Pheidole bicarinata

Wilson, E. O., 2003, Pheidole in the New World. A dominant, hyperdiverse ant genus., Cambridge, MA: Harvard University Press, pp. -1--1: 561-562



Pheidole bicarinata  HNS  Mayr

Pheidole bicarinata  HNS  Mayr 1870b: 989. Syn.: Pheidole bicarinata r. vinelandica  HNS  Forel 1886b: xlv, raised to species level by Naves 1985: 66, n. syn; Pheidole vinelandica var. longula Emery  HNS  1895d: 292, n. syn. (types examined by author); Pheidole vinelandica subsp. laeviuscula Emery  HNS  1895d: 292, synonymy by Creighton 1950a: 172; Pheidole vinelandica subsp. buccalis Wheeler  HNS  1908h: 454, synonymy by Cole 1956c: 114; Pheidole vinelandica subsp. longula var. castanea Wheeler  HNS  1915b: 405, unavailable name inomial), referred to vinelandica  HNS  , hence bicarinata  HNS  in this treatment, by Creighton 1950a: 171; Pheidole (Allopheidole) vinelandica var. nebracensis  HNS  Forel 1922b: 92, synonymy by Gregg 1959: 18; Pheidole hayesi M. R. Smith  HNS  1924d: 251, synonymy by Creighton 1950a: XIX; Pheidole vinelandica subsp. longula var. huachucana M. R. Smith  HNS  195lc: 805, unavailable name (quadrinomial), material referred to buccalis  HNS  , hence synonymous with bicarinata  HNS  in the present treatment, by M. R. Smith 1958c: 120.

Types Naturhist. Mus. Wien.

Etymology L bicarinata  HNS  , double-ridged, two-carinal, possibly referring to the carinae of the clypeus.

diagnosis A member of the " bicarinata  HNS  complex" belonging to the larger pilifera  HNS  group, comprising agricola  HNS  , aurea  HNS  , bajaensis  HNS  , barbata  HNS  , bicarinata  HNS  , centeotl  HNS  , cerebrosior  HNS  , ceres  HNS  , defecta  HNS  , macclendoni  HNS  , marcidula  HNS  , paiute  HNS  , pinealis  HNS  , psammophila  HNS  , xerophila  HNS  , yaqui  HNS  , axi& yucatana  HNS  , which complex is characterized by the large to very large, forward-set eyes, of both castes; and in the major, the occipital lobes lacking any sculpturing (except in aurea  HNS  ), the posterior half of the head capsule smooth and shiny; and the postpetiolar node seen from above oval, elliptical, or laterally angulate (cornulate in cerebrosior  HNS  ). P. bicarinata  HNS  is distinguished within the complex by the following combination of traits.

Major: humerus in dorsal-oblique view dentate to subangulate; propodeal spine moderately long and stout; petiolar node in side view tapered; lateral margins of postpetiolar node seen from above acute-angular; anterior fringe of pronotal dorsum transversely carinulate, remainder mostly smooth and shiny; lateral margins of pronotal dorsum carinulate or not; mesonotal dorsum foveolate and opaque to mostly smooth and shiny; dorsum of propodeum foveolate and opaque and carinulate or not.

Minor: humerus in dorsal-oblique view obtusely subangulate; petiole variable in size and shape, from small and equilaterally triangular to moderately elongate.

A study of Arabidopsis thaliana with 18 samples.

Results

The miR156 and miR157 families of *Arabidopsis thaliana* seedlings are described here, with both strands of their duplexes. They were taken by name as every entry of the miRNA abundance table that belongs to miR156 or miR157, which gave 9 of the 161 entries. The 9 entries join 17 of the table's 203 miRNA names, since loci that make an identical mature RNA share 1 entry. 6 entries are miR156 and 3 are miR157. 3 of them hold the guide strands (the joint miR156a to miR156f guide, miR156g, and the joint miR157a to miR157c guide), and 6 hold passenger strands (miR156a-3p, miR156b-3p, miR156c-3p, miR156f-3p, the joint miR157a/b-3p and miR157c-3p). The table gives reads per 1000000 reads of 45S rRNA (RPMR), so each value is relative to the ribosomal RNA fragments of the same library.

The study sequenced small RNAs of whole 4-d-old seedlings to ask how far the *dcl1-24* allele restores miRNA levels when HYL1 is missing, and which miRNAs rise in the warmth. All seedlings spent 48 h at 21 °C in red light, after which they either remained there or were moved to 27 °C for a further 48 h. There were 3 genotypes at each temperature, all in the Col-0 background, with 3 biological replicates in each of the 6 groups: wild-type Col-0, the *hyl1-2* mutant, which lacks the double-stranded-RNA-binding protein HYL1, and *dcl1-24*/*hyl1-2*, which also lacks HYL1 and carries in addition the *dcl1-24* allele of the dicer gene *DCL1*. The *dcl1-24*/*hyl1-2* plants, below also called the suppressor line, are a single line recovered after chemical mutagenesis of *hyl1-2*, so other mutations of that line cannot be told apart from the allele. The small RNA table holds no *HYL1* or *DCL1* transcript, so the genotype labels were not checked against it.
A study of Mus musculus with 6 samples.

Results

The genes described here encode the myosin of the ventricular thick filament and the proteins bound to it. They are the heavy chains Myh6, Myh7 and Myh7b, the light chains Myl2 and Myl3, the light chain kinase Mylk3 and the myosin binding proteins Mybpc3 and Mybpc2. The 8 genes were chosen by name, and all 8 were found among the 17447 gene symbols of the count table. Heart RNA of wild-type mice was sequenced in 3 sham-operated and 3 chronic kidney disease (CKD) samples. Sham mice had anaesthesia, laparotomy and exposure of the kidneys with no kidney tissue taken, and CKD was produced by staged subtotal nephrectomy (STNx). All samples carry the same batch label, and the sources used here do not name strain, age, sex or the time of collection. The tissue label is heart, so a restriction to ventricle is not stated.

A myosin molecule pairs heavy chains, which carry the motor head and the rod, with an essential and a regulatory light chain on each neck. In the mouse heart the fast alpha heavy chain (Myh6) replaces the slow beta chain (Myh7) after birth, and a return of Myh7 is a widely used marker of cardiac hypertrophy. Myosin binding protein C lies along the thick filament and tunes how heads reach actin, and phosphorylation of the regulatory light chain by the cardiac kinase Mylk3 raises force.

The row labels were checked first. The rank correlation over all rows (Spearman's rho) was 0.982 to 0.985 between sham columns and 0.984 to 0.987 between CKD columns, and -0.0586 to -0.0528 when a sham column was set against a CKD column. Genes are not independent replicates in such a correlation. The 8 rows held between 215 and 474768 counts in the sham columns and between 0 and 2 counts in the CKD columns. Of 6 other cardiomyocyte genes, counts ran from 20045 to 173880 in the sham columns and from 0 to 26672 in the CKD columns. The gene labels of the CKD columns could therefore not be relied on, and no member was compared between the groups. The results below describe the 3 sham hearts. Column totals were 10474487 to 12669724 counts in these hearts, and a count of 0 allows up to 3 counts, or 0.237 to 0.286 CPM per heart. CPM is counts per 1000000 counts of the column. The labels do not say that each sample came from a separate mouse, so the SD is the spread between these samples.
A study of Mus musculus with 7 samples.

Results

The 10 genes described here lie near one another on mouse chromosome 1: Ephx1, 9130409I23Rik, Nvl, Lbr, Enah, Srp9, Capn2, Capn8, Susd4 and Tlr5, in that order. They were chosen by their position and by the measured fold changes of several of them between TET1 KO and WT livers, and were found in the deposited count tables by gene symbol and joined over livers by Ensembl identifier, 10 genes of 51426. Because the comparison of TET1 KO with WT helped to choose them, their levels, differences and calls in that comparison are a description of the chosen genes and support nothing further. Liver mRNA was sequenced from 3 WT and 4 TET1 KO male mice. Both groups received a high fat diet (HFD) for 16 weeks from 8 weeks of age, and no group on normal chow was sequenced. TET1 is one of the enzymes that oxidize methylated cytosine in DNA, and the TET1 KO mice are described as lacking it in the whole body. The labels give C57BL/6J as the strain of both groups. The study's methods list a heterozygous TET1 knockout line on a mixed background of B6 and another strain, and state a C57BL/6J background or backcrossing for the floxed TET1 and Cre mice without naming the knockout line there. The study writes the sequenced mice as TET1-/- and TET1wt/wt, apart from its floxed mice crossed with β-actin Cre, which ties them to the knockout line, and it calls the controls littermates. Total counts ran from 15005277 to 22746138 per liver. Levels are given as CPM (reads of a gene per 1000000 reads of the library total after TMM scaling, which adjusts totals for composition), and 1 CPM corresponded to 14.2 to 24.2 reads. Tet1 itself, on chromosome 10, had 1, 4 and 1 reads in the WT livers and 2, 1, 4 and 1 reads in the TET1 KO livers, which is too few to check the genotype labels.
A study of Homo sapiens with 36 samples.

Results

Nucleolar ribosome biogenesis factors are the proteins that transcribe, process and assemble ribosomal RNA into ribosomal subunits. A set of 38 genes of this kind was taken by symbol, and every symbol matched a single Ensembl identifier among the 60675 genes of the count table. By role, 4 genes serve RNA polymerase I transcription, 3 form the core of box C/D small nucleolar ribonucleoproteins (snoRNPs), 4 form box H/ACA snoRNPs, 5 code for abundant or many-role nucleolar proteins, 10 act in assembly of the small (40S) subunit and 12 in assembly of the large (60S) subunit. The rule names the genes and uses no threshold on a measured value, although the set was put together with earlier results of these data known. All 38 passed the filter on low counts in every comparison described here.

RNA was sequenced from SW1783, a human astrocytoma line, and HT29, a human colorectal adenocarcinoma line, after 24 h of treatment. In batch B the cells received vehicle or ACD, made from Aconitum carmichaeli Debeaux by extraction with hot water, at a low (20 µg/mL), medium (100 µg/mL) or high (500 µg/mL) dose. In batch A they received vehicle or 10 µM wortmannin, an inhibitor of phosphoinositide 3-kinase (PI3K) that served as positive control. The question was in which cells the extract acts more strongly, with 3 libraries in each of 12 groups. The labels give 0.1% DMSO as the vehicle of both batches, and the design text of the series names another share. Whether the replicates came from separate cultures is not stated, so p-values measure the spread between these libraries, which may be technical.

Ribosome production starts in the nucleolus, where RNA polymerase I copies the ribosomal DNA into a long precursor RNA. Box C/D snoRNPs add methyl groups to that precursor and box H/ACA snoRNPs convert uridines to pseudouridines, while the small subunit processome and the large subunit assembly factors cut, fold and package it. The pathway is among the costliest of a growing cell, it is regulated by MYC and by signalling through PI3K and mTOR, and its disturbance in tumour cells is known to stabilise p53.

P. bicarinata  HNS  is a taxonomically difficult species (or, possibly, complex of closely similar species). It is highly variable, especially geographically, in propodeal and pronotal sculpturing, and as suggested above, in development of the propodeal spine, and in color. The variation among different characters is discordant to some degree, and intermediates within the respective characters occur. I believe it prudent for the present to leave the described infraspecific forms as a single species (I am indebted to Philip S. Ward for valuable information and advice on the variation and status of bicarinata  HNS  ).

measurements (mm) Major (Brown Co. State Park, Indiana): HW 1.04, HL 1.14, SL 0.54, EL 0.14, PW 0.52. Minor (Brown Co. State Park): HW 0.54, HL 0.58, SL 0.50, EL 0.12, PW 0.34.

Color Major: body varying geographically, from clear yellow in the western parts of the range to brownish yellow to dark brown in the east.

Minor: clear yellow to medium brown.

Range New Jersey to northern Florida and west through Nebraska, Colorado, and Texas to Utah and Nevada.

Biology P. bicarinata  HNS  is highly adaptable across its range in both habitat and nest site. In Colorado, Gregg (1963) recorded bicarinata  HNS  between 1000 and 2100 m, nesting in rotten logs as well as various types of soil beneath stones. The habitats occupied were very diverse, comprising pinyon-cedar and mixed deciduous woodland, canyon-bottom meadows, shortgrass prairie, and sagebrush desert. In Utah and Nevada, bicarinata  HNS  occurs from sagebrush desert to montane woodland, nesting under stones and pieces of wood, as well as crater nests in open soil (Ingham 1959, 1963; Cole 1966b; Allred and Cole 1979). In western Texas, it has been found in xeric habitats in open soil and under stones, cow dung, a bale of hay, and in cracks in asphalt. Beck et al., studying scavenging ants of Utah, observed workers feeding on dead rodents. Males were found in one Colorado nest in early July. In the eastern United States the species favors sandy soils with some clay content. It is often abundant in open, disturbed grassy areas, such as lawns, golf courses, and abandoned fields (Stefan Cover, personal communication). It is omnivorous in diet, and regularly harvests seeds. Diana E. Wheeler and Frederik Nijhout used bicarinata  HNS  in their pioneering studies to demonstrate the role of juvenile hormone in the determination of the major and minor subcastes; they traced development through four larval instars (see D. E. Wheeler 1991).

figure Upper: "typical" bicarinata major  HNS  . Lower: "typical" bicarinata minor  HNS  . INDIANA: Brown County State Park (Edward O. Wilson). (Lower propodeum is of " vinelandica  HNS  " variant major from Calvert Cliffs State Park, Calvert Co., Maryland; see description of other variation in Diagnosis and Color below.) Scale bars = 1 mm.